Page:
Have a cookie instead pt. 1

Daily, I enjoy watching Youtube videos with food in them.

Though I cook at most 1 in 20 videos that I watch, there’s no denying that I enjoy watching them.

Why though, is my question.

Another question, “What sort of cookie do you like best?”

Why does this,

Image result for cookie gif
[http://www.pusheen.com/]

or this

Image result for chocolate gif
[I googled cookie gif, feel free to do the same and become even more happy]

make us happy?

Maybe I’m cheating a little since Pusheen Cat is cute but why do things like cute animals and food make us happy?

I don’t know much about the science behind any of these things but I feel happy looking at those things. I’m happy to watch videos of hands making food, videos about science and the world but all these interesting, entertaining things make me happier than for example, news or political talk shows.

While some of it can be attributed to my own political naivety, I’d like to say that I keep up with the news because it is a responsibility of everyone, being a person living right now.

But knowing that on-goings in Singapore which concern us and our future well… doesn’t seem to put anyone off their daily life, stop them from watching Youtube videos of cute things.

Some news that concerns the future of the press in Singapore as follows, you can feel free to skip if the sources are not to your tastes, I’ll summarise a little afterwards:

Select Committee hearings on fake news: Minister grills researcher, says he is not an objective historian

[I mean seriously, look at what happened to the Tech giants, is anyone even surprised? That said, amazing, of course he’s not objective. Claps for whoever wants it.

Evidence is not objective, the Minister obviously isn’t objective, the Historian isn’t about to claim he’s Buddha or an Almighty who is 100% objective. He’s just saying that based on the evidence released, it is his view as a Historian that (censored).

That’s what historians do. They look at evidence which shape their view and they present that. In Economics we call this the problem of information. Where information is not complete and perfect, which thus affects the way people make decisions.]

Blogger Han Hui Hui removed from Select Committee hearing after disrupting proceedings

HHH’s Side of this Story

A Review of the Book

[So now, flapping a bunch of paper with a message is disruptive. I guess it is hard to concentrate on grilling a historian when a member of the public, known for her dissenting views decides to stroll into a committee session and display a book cover that supports the Historian’s view that (censored).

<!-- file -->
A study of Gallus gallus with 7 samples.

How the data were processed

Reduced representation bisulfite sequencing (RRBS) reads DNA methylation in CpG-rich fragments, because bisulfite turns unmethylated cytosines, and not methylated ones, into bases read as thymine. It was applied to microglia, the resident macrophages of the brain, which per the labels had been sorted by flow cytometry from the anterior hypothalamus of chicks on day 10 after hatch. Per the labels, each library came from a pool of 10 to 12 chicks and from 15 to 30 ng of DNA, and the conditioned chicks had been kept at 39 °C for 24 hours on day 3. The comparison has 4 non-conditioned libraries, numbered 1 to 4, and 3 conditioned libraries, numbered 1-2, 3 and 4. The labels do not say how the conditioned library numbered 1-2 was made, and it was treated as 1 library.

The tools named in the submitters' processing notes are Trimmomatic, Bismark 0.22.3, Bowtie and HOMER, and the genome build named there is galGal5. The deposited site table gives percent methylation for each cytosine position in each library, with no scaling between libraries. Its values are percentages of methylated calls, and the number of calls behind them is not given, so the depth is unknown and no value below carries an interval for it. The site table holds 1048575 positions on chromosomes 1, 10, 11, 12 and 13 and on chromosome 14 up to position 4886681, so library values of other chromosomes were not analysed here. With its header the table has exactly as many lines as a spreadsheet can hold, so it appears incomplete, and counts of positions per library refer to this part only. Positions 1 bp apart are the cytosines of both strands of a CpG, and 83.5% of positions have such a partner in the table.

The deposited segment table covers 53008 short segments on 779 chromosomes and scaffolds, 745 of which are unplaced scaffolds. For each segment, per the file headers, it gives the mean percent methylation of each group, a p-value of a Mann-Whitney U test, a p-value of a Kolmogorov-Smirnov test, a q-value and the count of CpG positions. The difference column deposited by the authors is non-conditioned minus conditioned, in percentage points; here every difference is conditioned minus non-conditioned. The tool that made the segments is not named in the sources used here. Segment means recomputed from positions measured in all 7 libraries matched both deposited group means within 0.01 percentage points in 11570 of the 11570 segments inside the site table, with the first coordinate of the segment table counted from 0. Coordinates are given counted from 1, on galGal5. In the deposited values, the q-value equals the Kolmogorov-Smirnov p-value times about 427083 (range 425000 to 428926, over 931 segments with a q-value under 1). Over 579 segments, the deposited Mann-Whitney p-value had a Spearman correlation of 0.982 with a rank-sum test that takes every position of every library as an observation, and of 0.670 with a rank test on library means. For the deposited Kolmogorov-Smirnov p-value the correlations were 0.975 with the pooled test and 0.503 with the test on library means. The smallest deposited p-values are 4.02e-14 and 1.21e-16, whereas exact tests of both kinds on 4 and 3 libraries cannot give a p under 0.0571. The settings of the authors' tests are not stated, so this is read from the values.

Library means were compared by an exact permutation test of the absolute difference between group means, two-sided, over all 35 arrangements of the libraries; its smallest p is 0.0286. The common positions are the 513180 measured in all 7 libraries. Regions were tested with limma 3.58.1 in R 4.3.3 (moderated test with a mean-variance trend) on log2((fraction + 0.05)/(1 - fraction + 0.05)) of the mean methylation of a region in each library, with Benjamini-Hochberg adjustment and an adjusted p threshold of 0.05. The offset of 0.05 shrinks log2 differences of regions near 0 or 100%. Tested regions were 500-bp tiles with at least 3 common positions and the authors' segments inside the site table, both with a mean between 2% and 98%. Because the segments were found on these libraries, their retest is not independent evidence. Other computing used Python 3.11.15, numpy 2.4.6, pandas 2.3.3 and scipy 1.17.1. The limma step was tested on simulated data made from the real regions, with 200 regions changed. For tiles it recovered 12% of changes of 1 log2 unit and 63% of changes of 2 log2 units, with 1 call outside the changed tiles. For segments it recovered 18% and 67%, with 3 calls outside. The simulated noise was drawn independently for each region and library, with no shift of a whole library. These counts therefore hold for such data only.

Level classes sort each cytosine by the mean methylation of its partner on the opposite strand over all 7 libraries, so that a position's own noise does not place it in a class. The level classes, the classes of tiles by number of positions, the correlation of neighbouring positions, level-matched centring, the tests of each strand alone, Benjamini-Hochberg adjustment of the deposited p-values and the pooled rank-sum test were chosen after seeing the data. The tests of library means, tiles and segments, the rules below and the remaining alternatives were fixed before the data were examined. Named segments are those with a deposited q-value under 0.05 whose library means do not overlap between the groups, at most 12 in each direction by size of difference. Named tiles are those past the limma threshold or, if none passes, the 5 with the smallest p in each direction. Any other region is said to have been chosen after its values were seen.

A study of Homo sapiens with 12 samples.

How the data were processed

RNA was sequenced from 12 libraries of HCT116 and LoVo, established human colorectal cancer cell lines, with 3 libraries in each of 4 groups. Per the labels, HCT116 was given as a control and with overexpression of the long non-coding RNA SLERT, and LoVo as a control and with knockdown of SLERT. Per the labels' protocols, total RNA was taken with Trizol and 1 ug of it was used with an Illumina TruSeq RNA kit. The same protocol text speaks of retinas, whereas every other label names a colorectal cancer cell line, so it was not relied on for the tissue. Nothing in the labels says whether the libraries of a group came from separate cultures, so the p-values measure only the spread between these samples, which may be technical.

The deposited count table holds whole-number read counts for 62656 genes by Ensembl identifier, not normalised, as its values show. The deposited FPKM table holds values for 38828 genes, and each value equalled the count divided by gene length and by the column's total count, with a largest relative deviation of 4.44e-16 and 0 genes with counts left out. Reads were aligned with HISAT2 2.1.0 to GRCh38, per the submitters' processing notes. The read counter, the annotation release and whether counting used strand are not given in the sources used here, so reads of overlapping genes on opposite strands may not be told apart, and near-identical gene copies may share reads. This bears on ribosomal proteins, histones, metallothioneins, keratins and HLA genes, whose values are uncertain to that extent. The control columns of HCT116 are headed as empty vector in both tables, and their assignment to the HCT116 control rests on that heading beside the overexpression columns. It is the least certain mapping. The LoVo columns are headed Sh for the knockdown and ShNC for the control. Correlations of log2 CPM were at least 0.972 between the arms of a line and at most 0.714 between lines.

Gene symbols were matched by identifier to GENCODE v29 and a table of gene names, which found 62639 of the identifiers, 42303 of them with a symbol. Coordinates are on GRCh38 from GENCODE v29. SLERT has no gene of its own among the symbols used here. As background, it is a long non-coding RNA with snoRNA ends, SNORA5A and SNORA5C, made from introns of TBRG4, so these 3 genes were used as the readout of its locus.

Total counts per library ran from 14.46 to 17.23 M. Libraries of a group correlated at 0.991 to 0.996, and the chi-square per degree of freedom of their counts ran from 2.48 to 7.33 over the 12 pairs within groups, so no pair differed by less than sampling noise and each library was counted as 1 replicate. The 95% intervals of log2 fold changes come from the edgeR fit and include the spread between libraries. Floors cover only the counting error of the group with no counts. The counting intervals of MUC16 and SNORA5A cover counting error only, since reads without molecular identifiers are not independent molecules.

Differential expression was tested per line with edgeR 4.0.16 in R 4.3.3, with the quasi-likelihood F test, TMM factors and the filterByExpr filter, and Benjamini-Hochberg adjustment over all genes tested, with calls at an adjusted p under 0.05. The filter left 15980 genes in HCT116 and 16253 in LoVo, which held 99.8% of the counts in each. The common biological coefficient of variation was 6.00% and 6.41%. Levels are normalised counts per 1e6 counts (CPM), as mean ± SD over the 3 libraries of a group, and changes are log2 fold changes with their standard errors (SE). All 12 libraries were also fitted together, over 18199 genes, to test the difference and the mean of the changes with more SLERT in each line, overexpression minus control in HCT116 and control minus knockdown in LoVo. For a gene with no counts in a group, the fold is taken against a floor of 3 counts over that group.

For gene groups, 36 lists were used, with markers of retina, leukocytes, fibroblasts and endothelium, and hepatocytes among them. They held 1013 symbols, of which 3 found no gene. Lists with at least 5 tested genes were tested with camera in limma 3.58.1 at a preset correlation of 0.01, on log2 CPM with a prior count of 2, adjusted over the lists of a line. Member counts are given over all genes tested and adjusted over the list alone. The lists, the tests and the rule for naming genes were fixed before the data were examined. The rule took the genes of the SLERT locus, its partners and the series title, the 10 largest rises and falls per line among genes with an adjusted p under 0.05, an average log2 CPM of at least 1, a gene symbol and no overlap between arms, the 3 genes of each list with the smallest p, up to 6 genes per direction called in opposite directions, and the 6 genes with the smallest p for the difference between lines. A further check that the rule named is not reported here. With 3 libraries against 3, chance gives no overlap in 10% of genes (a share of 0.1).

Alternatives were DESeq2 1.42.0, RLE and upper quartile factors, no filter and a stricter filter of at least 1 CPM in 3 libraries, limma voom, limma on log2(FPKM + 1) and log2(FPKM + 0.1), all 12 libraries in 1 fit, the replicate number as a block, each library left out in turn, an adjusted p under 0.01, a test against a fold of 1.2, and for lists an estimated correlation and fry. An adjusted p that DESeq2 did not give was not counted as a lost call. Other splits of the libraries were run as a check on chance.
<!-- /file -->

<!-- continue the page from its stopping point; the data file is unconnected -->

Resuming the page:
It is true that she wasn’t supposed to bring in things like that, so she brought being evicted upon herself. Ah, if only our activists learned how to be a little more subtle. Then again, that’s not HHH’s style.]

Right, so that’s what went down yesterday evening while I was in school. Upon coming home though, I did homework and took a break and watched 9 of the World’s Rarest Animals, Fighting to Stay Alive

You probably (aha see what I did there) don’t need to watch the video to understand my point.

But even faced with things like these, because the impacts are not imminent and obvious, I’m not moving to do anything.

Is this a mentality shared by the majority of Singaporeans? We recognise it’s a problem but we don’t do anything about it.

Is a restriction of free speech a problem..? Is there a restriction on free speech in Singapore?

Where does this WordPress post fall in a spectrum of things considering I practice liberal self-censorship?

Be it a lack of power on my own and stuff like that, people always say to shift the responsibility away from oneself then, what am I supposed to do?

I guess I could write into the Straits Times, but I don’t think I’d make the cut as a linguistically strong, balanced-view providing youth. With improvements in technology and ease of access to the news, people read about natural disasters and gun shootings half-way across the globe.

“In a relative sense, then, maybe the happenings in Singapore are not so concerning.”

^You can’t tell me that thoughts like that are okay.

No one owes Singapore a living, and therefore we have to be concerned about what is happening to Singapore. Before caring about gun-violence in a country thousands of kilometers away, citizens ought to care about their own country.

We’re making frog soup when we look at bigger problems and ignore the small and growing ones.

As it is, this thing about free speech is beyond the scope of students who can debate for hours the nuances on “How free should free speech be? Does it include hate-messages? What about political speech?”

I, personally, am against free speech that allows for hate speech. Then comes the problem of how to decide what is hate speech.

Going to cook lunch now, will write more later on after doing Econs. (Also, the poem will be at the end of pt. 2 as previously done.)